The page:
When it comes to search engines, companies could work on SEO and paid ads to ensure a top spot. Now with the entrance of ChatBots like ChatGPT, what alternative do these companies have? 

Companies are making sales from ChatGPT, we have to acknowledge that. Take Logikcull, a San Francisco–based legal technology company. Law firms and legal teams use Logikcull’s tools to trawl through documents and surface information sought by investigators. Its services are high touch—the average annual contract value from customers is $28,000—with most of its contracts secured over the phone by a dedicated sales team. But this March, one customer mentioned they’d learned about Logikcull through a prompt response from ChatGPT.  In the last 60 days, Wilson estimates, 5% of Logikcull’s sales leads have come via answers provided by ChatGPT.

Logikcull’s situation may be uncommon but it doesn’t sit alone. Fairing, a New York–based data and survey platform for e-commerce brands, has also reported that dozens of its direct-to-consumer clients are seeing ChatGPT turning up in customer surveys. Customers are writing responses like “I can’t believe I used ChatGPT and it recommended something good enough.” At present, Fairing’s clients report that the proportion of sales initiated by ChatGPT answers are low—less than Logikcull’s 5%. 

However, any company early to this will benefit in a similar way brands early to TikTok managed to pivot their brands to be TikTok-friendly. Those who pivot to be chatbot friendly will benefit the most.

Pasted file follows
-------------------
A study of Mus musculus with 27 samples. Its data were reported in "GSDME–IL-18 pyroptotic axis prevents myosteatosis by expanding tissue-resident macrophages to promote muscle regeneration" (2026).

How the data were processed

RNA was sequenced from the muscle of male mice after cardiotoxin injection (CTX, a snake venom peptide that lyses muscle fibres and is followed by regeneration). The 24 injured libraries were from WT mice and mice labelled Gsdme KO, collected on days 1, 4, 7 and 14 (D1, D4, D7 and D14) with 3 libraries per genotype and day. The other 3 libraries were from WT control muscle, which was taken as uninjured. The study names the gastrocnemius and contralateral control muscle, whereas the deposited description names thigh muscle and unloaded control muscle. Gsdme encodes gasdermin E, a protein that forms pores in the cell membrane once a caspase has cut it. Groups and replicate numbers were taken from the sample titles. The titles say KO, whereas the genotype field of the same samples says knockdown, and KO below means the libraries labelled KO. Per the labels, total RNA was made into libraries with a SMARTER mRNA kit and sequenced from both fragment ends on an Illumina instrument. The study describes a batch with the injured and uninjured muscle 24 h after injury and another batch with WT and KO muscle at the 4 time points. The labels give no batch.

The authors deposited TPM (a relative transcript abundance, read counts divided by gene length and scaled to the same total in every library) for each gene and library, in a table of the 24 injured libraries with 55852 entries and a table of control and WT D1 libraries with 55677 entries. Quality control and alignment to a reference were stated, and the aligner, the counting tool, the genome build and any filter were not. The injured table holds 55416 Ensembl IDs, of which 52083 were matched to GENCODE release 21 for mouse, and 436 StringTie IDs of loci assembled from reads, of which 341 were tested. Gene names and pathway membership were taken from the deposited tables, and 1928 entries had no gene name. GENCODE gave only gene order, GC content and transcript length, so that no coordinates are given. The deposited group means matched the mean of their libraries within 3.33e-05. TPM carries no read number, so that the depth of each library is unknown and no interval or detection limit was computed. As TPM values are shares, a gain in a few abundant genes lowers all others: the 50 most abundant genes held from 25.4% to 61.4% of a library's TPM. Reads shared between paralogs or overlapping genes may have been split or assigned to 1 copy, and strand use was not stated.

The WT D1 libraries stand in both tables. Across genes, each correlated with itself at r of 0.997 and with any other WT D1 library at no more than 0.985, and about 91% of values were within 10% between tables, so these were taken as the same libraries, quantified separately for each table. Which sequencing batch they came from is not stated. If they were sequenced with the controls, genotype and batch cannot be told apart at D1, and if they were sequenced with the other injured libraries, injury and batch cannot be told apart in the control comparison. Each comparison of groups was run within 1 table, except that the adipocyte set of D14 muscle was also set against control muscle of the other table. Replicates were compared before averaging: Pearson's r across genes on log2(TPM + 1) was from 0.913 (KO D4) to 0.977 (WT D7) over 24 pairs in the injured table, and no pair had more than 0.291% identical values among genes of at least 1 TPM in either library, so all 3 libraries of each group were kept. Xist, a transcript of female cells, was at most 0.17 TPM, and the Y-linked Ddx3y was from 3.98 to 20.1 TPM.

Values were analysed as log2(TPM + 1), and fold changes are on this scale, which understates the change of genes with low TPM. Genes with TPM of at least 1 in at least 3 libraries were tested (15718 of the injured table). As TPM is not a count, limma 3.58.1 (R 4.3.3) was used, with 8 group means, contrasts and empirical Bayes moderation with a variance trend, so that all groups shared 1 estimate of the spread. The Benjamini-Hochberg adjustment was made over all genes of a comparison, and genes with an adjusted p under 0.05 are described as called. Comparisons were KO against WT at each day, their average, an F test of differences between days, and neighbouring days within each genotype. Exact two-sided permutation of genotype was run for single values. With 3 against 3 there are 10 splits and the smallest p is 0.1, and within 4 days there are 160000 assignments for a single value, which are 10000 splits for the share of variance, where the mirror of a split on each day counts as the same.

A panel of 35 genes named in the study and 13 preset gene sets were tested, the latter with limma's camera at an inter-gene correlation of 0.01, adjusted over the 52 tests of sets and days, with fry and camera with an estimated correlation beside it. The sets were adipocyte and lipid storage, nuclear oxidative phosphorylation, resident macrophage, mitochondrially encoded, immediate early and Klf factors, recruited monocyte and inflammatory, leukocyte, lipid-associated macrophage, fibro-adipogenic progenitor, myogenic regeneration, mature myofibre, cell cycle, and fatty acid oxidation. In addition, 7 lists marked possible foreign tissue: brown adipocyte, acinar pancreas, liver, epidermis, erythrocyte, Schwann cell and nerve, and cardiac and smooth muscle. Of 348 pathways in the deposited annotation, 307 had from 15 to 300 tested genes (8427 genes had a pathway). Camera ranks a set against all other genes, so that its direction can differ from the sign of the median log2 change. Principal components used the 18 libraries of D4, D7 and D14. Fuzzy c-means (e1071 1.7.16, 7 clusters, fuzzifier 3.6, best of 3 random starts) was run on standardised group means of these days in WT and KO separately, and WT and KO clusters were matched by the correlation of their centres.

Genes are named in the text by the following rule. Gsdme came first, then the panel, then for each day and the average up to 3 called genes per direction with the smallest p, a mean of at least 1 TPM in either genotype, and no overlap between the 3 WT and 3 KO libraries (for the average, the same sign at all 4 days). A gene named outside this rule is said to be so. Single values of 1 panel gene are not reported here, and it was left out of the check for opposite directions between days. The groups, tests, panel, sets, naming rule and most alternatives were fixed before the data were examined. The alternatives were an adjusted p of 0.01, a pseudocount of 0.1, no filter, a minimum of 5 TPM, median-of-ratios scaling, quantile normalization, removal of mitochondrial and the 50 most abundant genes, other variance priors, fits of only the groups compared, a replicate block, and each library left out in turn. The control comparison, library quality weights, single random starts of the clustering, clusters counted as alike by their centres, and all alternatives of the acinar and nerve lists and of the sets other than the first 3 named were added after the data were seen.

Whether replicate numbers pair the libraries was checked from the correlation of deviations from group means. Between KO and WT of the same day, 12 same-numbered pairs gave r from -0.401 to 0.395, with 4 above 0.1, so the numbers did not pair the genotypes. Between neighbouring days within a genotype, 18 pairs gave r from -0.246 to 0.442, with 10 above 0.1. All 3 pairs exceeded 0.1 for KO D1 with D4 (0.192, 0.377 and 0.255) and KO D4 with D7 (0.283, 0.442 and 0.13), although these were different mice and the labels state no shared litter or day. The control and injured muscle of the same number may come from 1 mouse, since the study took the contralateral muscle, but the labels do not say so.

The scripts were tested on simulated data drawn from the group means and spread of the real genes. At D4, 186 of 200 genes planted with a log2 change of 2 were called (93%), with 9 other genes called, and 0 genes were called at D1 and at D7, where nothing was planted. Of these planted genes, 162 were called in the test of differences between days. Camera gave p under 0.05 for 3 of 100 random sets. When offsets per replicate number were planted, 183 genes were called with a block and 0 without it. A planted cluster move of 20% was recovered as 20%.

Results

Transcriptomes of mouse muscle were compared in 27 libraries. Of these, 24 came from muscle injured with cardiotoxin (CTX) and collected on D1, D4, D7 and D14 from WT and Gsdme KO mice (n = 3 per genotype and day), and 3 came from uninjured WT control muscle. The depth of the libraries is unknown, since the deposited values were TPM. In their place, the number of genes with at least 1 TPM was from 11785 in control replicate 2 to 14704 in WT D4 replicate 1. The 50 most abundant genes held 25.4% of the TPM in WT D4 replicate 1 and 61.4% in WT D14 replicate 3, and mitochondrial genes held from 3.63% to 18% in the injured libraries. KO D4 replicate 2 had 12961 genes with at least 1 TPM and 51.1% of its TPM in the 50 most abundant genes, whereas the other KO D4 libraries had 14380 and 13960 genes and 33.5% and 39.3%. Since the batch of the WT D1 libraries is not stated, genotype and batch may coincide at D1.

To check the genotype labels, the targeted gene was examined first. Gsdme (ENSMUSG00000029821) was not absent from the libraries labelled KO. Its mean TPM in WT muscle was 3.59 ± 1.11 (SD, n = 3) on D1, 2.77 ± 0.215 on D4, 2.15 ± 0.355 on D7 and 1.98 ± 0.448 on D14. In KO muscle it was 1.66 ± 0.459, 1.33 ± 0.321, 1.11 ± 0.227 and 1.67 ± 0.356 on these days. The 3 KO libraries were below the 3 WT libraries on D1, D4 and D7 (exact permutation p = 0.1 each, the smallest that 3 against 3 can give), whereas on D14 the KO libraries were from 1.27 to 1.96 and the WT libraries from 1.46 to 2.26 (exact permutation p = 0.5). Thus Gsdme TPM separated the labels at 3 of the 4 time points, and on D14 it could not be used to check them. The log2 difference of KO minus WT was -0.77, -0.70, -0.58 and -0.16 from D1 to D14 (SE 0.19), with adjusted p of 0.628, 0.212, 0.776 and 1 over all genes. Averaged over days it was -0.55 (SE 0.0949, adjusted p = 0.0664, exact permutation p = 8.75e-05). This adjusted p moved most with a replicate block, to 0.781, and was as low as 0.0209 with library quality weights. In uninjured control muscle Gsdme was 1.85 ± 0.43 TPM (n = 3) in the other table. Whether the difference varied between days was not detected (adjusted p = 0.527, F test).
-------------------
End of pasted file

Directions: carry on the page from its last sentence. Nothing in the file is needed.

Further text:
Chat bots certainly aren’t going anywhere. The AI boom signals a paradigm shift in the field of search engine optimization, with e-commerce entrepreneurs grappling with how to seize that opportunity. The interest in ChatGPT as a sales referral platform has exploded alongside the boom in AI-based chat programs in recent months. Google and Microsoft are now engaged in a race to layer chat based on large-language models into their search products, even going so far as to rebrand them as “answer engines.”

While still in early stages, brands should always be monitoring what is said across these sites, so they know how to respond to customers and how to improve their products. According to Dave Peiris, head of SEO and product at Propellernet, a U.K.-based digital marketing agency, many SEO experts paid close attention to Google’s announcement at its May I/O Event that it will soon be testing a new feature called Search Generative Experience. SGE will insert AI-generated snapshots of responses into its regular (non–AI-generated) search queries, including suggested follow-up questions.

Regarding how quickly chatbots will take over the traditional Google-like search engine, there is debate among e-commerce executives. Most do agree, however that the future will lie in conversational product discovery.